So what are we? Episcopalian? Lutheran? Luthscapalions? Lutherpalians?
To be honest, we’re not entirely sure ourselves. Some of us identify as Lutheran – others, Episcopalian. And others, something in between. What is most important is that we are all Christians—followers of Jesus who are committed to sharing God’s message of love and hope for our world.
Our partnership is possible thanks to an agreement called Called to a Common Mission. That is the relationship of Full Communion adopted between the Episcopal Church and the Evangelical Lutheran Church in America in 2001. That agreement partners certain national Lutheran and Episcopal efforts, allows for the exchange of clergy between one another’s denominations, as well as makes possible church partnership such as we have at CTK-Epiphany.
Nationally our Churches came together because 99% of what we believe is the same, and the 1% that’s different isn’t worth remaining separate over. Locally, we’ve found it the same: our work is too important to remain separate. God has called us to important work in Wilbraham and beyond, and we are blessed to be able to do that work together.
Our liturgical perspective could be called “broad church.” Our common life centers around our two Sunday services (one Zoom service during COVID). We are resolute in our faith in Jesus Christ, generally progressive in our theology, and rooted in active mission and outreach.
We draw members and visitors from Wilbraham and from more than a half dozen surrounding towns. We range in age from toddlers to wise elders well into their nineties. We hope to attract more families with young children, encourage increased teen involvement, and connect with more young adults in the community – common goals in most mainline churches.
We are made up of newcomers as well as those who have been members for almost sixty or more years.
We are both single and married. Members include those who are politically liberal, those who are conservative, as well as those who are harder to place on the traditional political spectrum. The parish contains active and retired professionals, retired clergy, seniors on fixed incomes, as well as working families.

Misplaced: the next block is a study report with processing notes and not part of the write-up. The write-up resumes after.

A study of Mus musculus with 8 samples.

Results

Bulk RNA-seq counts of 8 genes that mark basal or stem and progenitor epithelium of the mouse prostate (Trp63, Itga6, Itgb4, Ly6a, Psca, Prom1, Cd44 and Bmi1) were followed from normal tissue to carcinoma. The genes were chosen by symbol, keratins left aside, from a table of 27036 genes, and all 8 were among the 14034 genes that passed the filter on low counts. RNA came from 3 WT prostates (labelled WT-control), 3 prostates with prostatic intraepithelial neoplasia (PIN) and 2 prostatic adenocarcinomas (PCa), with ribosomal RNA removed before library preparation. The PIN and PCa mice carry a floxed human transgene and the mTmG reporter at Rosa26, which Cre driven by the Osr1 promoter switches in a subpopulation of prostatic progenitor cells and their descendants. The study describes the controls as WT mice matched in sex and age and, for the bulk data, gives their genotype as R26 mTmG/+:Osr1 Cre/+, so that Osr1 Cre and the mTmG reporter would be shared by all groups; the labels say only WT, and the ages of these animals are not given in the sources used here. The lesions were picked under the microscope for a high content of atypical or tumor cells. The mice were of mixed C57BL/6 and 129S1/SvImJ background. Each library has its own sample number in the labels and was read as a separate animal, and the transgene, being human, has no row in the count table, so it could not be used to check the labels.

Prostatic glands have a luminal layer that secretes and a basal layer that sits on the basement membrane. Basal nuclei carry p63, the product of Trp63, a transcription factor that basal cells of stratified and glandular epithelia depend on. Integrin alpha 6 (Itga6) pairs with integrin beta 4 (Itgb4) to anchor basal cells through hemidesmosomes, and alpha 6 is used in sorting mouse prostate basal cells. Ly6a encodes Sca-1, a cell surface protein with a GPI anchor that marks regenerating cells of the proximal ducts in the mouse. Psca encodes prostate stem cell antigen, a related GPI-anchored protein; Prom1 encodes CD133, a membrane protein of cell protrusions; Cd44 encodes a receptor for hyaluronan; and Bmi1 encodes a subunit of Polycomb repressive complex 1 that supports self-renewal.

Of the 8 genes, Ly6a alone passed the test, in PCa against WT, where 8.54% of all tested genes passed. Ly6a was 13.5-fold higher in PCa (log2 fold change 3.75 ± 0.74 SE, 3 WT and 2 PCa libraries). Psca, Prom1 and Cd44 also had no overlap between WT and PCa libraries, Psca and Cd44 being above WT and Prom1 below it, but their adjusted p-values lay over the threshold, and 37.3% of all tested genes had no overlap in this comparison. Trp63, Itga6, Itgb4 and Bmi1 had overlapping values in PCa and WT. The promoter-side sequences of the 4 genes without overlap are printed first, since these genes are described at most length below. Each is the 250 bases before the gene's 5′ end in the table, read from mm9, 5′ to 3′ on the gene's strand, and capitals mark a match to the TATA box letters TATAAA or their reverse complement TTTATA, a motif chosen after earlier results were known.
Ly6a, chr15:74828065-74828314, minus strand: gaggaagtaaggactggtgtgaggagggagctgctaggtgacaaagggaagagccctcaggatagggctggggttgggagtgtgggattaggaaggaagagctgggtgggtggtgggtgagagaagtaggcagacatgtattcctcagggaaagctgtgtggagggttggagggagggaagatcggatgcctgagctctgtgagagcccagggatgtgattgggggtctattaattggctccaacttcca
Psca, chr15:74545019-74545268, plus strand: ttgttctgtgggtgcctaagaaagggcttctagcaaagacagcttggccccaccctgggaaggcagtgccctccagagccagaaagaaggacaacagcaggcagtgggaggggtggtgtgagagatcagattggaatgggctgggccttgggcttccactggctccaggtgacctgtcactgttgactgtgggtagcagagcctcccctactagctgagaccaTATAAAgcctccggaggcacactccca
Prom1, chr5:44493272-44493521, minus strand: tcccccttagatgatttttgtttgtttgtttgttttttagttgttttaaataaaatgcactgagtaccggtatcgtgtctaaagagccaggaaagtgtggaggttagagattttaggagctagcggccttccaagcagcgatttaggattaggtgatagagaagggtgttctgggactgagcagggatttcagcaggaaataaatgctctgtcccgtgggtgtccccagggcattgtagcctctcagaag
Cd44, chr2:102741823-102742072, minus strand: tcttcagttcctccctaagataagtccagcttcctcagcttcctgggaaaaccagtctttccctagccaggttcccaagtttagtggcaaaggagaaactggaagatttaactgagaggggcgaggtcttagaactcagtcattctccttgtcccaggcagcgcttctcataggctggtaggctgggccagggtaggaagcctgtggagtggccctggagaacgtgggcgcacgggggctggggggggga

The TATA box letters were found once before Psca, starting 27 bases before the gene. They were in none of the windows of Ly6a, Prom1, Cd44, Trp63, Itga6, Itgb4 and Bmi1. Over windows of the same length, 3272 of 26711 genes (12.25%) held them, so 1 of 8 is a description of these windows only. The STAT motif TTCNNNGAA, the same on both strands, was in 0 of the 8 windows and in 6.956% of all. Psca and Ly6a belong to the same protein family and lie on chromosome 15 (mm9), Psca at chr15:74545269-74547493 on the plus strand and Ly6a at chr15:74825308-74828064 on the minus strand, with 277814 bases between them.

We like to say that we don’t all believe the same, act the same, vote the same, or dress the same – but we strive to love the same, as Christ loved and served all people.
This is the statement we have adopted that makes us an official “Reconciling in Christ” congregation:
“We welcome all into the body of Christ.
“We acknowledge that the Church has condemned and excluded people because of their race, culture, age, gender identity, economic status, disability, and sexual orientation. We reject these divisions of humanity, recognizing the unity of all people in Christ.
In 1976, the General Convention of the Episcopal Church declared that “homosexual persons are children of God who have a full and equal claim with all other persons upon the love, acceptance, and pastoral concern and care of the Church”. Since then, faithful Episcopalians have been working toward a greater understanding and radical inclusion of all of God’s children.
Along the way, The Episcopal Church has garnered a lot of attention, but with the help of organizations such as Integrity USA, the church has continued its work toward full inclusion of lesbian, gay, bisexual, and transgender (LGBT) Episcopalians. In 2003, the first openly gay bishop was consecrated; in 2009, General Convention resolved that God’s call is open to all; in 2012, a provisional rite of blessing for same-gender relationships was authorized, and discrimination against transgender persons in the ordination process was officially prohibited; and in 2015, the canons of the church were changed to make the rite of marriage available to all people, regardless of gender.
“All are welcome to worship and participate in the life and ministries of Christ the King-Epiphany. We invite you to join us in the mission we share: to give thanks and praise to God and bear the good news of Jesus Christ to all the world.”
Celebration of the Eucharist is our central liturgical practice. We offer a Service of the Word at 8:30 and choral service at 10:00.
Our excellent music program is a central feature of our Sunday service. We look to build on this strength as we explore a broader variety of offerings.
The parish supports a host of outreach ministries, some on our own, and some in collaboration with community partners. These efforts include Cathedral of the Night in Northampton MA, The Community Survival Center, Loaves and Fishes and ACTS Tutoring.
In addition to these local programs, we are actively engaged in a number of other regional, national, and global Lutheran World Relief Quilt Project, Lenten Lantern Project and “Change the Babies” – Mampong Babies Home-Ghana.